Space zombies, London gangsters and fairy mysteries were amongst the virtual worlds on show at London's PSVR event
Ostensibly it was a gallery space in Shoreditch, but for one day only it was also a fighter pilot cockpit, a space station overrun with mutants, the moon, a boxing ring and, most terrifying of all, a studio where Tom Grennan was performing. The 2018 PSVR showcase descended on London earlier this month, and invitees could dive between immersive VR worlds at will; here are the best alternative realities we wished we didn’t have to leave.
Beat Saber is Star Wars meets Guitar Hero meets Fruit Ninja
Darth disco, anyone? DJ Yoda? Luke Beatmatcher? Whichever way you pun it, Beat Saber is basically Star Wars meets Guitar Hero. You stand at the end of a floating runway dodging the walls flying at you and slicing blocks in half with a light saber as they approach. A simple idea magnificently delivered; the ease of pick-up and compulsive soundtrack make Beat Saber a block-whacking joy, easily the best and most instinctive rhythm game I’ve ever played. Um, Princess Playa? Stop hitting me.
Track Lab is a musical puzzle game
The joy of VR is that it makes the impossible easy. You’re an instant fighter pilot, astronaut, hitman or, in the case of Track Lab, floating puzzle musician. Yes, why bother learning to play an instrument when you can now beam yourself onto a kind of levitating DJ disc in the middle of a sound cosmos and make music by moving beats, basslines and melody parts around puzzle mazes in the form of traveling dots, shifting the style and tone of the tracks you create by dropping lozenges onto trackpads beside you. Twenty minutes in Track Lab and you’ll be grade eight in puzzle funk.
Astro Bot is Mario for the VR generation
Any new platform needs its Mario, and Astro Bot is lined up to be the defining character of VR. A cute little jetpacked robot, Astro Bot flies and leaps around a 3D sci-fi cartoon platformer punching space beasties to bits and solving environment puzzles to find and rescue a seemingly endless stream of helpless robo-mates. With massive gob monsters spitting goo into your visor and giant alien hands smashing you to bits seemingly at random, it’s certainly a challenge, but it’s also gorgeous enough to keep you as enthralled as the Question Time guest booker is by Nigel Farage.
Déraciné is the Dark Souls you live in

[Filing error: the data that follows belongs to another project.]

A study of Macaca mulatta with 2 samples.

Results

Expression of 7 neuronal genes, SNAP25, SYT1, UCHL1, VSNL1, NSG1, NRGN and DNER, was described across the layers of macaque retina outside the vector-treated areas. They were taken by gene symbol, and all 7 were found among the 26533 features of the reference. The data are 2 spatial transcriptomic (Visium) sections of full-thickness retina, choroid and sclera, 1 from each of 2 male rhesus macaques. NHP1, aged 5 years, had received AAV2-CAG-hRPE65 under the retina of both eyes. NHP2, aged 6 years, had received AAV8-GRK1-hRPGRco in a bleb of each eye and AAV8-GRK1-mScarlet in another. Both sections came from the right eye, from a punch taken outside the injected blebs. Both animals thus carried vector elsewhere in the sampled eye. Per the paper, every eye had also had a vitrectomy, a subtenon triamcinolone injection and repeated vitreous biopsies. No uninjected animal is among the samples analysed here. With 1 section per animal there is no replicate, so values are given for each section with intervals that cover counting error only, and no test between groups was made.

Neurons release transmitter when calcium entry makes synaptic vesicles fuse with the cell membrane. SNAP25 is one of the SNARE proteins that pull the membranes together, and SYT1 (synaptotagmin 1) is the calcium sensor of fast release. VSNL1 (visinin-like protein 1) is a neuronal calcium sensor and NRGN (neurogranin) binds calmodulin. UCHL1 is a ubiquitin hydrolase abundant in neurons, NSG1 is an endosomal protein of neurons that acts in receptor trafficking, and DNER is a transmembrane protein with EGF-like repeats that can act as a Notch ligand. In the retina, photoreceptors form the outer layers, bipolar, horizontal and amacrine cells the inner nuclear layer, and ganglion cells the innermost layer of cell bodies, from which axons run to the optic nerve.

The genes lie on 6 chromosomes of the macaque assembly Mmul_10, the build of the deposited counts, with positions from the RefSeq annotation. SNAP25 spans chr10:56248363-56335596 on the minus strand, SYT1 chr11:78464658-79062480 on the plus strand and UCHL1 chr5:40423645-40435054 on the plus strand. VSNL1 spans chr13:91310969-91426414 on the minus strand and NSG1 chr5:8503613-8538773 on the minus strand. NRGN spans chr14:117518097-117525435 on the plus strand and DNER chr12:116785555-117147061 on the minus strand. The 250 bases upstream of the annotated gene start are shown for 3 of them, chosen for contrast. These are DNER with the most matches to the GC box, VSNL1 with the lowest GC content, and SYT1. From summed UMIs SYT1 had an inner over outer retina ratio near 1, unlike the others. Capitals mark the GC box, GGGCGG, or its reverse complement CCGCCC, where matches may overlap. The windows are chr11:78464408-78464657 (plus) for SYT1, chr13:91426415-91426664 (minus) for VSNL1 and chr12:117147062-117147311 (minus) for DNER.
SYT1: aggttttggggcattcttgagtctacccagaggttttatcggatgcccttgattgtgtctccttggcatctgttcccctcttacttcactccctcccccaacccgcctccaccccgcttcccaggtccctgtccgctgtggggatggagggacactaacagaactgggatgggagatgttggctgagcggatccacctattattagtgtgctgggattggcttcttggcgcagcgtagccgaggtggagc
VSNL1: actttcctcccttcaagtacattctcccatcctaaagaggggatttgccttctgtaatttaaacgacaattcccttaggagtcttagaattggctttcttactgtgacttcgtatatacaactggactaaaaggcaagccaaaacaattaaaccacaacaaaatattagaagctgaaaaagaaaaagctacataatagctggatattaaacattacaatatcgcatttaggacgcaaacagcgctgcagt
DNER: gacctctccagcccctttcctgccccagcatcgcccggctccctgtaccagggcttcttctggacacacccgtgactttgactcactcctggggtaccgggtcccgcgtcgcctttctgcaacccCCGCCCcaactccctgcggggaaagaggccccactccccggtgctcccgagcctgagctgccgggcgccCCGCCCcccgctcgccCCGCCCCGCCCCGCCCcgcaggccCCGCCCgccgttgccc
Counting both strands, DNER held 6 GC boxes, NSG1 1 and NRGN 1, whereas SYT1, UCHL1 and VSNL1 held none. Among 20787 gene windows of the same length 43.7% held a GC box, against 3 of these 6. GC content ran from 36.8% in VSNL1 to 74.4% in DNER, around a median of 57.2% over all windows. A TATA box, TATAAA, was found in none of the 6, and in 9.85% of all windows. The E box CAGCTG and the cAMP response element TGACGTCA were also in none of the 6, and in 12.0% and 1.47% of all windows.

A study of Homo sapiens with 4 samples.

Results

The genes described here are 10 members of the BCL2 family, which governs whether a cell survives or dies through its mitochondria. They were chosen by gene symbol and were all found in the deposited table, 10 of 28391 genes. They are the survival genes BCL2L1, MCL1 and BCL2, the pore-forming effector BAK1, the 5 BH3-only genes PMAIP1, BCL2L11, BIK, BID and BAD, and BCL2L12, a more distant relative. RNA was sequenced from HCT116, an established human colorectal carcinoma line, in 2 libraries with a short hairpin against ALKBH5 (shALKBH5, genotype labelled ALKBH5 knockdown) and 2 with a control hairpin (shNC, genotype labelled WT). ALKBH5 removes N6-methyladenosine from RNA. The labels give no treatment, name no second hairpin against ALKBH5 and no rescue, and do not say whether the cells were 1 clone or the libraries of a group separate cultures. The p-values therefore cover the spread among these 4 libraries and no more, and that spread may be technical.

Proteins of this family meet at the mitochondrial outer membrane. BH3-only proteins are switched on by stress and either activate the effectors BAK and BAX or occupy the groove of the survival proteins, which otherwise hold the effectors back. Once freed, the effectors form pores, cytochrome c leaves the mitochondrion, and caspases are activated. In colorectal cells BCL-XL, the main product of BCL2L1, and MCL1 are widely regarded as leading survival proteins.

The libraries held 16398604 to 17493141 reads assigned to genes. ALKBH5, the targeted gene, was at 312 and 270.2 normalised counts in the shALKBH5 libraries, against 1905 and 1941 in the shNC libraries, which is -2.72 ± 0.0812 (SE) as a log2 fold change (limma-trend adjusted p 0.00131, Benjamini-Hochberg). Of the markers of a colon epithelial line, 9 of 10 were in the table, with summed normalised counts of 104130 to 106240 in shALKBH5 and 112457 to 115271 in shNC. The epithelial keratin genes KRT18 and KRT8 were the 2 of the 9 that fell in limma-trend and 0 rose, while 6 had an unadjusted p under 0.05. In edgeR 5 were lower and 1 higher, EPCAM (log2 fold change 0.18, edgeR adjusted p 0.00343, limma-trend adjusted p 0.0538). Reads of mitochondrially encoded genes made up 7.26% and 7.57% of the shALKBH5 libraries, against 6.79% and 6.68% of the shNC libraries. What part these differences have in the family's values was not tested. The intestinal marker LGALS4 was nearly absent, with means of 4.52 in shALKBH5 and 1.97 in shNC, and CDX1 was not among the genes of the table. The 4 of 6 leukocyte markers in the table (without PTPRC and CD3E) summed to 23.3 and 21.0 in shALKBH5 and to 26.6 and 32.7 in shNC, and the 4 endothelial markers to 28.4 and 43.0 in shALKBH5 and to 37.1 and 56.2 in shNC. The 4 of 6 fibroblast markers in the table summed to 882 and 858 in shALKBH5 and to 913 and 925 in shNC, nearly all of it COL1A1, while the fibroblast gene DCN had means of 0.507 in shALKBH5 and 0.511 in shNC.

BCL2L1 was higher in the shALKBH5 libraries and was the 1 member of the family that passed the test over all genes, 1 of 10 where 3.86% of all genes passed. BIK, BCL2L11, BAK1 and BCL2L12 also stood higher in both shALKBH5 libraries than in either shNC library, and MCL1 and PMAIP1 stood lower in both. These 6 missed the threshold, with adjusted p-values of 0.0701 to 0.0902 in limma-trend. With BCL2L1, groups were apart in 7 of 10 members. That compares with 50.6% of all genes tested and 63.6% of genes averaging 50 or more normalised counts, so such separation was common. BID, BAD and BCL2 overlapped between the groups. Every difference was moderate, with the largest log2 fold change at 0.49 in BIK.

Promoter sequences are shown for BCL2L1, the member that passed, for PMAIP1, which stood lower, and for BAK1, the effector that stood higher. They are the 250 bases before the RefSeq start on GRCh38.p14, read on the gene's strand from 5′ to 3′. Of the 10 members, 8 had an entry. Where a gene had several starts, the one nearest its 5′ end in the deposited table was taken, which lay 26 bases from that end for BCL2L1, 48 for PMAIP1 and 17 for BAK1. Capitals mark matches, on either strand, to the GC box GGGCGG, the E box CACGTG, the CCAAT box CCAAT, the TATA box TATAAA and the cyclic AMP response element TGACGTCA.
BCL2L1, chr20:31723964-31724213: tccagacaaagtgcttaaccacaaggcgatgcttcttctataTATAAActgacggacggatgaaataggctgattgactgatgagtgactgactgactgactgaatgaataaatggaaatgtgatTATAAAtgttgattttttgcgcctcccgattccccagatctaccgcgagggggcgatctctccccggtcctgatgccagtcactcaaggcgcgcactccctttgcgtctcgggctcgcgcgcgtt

You’d need to be an actual ninja to handle a VR version of Dark Souls so Déraciné, by Soulsborne masterminds From Software, is the next best thing. Playing a fairy sprite, you wander the halls of a school solving puzzles every bit as tricky as Dark Souls is tough, and with just as little hand-holding. Best of all, the world feels just like Souls, with its pervasive otherworldly atmosphere and cold, spectral character voices talking largely gibberish. The closest it’s possible to get, thus far, to wandering around a spookily quiet Yharnam.
Apollo 11 lets you land on the moon, if that’s your kind of thing
An experience rather than a game, Apollo 11 lets you sit in on a 45 minute recreation of the first moon landing, using the original communication soundtrack to really put you inside the heads of Neil Armstrong, Buzz Aldrin and the other one. Strangely, though, there isn’t a section where you can watch Stanley Kubrick building the sets.
The Persistence is the one for zombie hunters
Take Apollo 11, add zombies, et voila! The Persistence is a mighty fine VR take on Dead Space or Alien: Isolation – you creep around a dark and spooky space station stealthing mutants and searching for the route to the next deck up, inching closer to the Stardrive you need to restart. Then a zombie chows down on your face and you’re literally back to square one – the ship’s layout is procedurally re-generated every time you die, meaning you’ll have to explore a whole new ship from scratch. How to succeed? The clue’s in the title.
Blood & Truth is a first-person shooter like you’ve never played before
It was the hit of showcases for much of 2017 and it’s still the benchmark for VR gaming; Blood & Truth is the first game to convincingly put you inside a first-person shooter, ducking behind crates pinging with bullet sparks and lobbing grenades at the waves of gangsters closing in across a ruined council estate. The lock-picking mini game to open your kidnapped mother’s handcuffs is as fiddly as threading a needle with spaghetti, but climbing ladders, chucking explosives and reloading in a second in order to keep blindly shooting round the corner of a doorway like a chicken-shit Jason Statham quickly become second nature.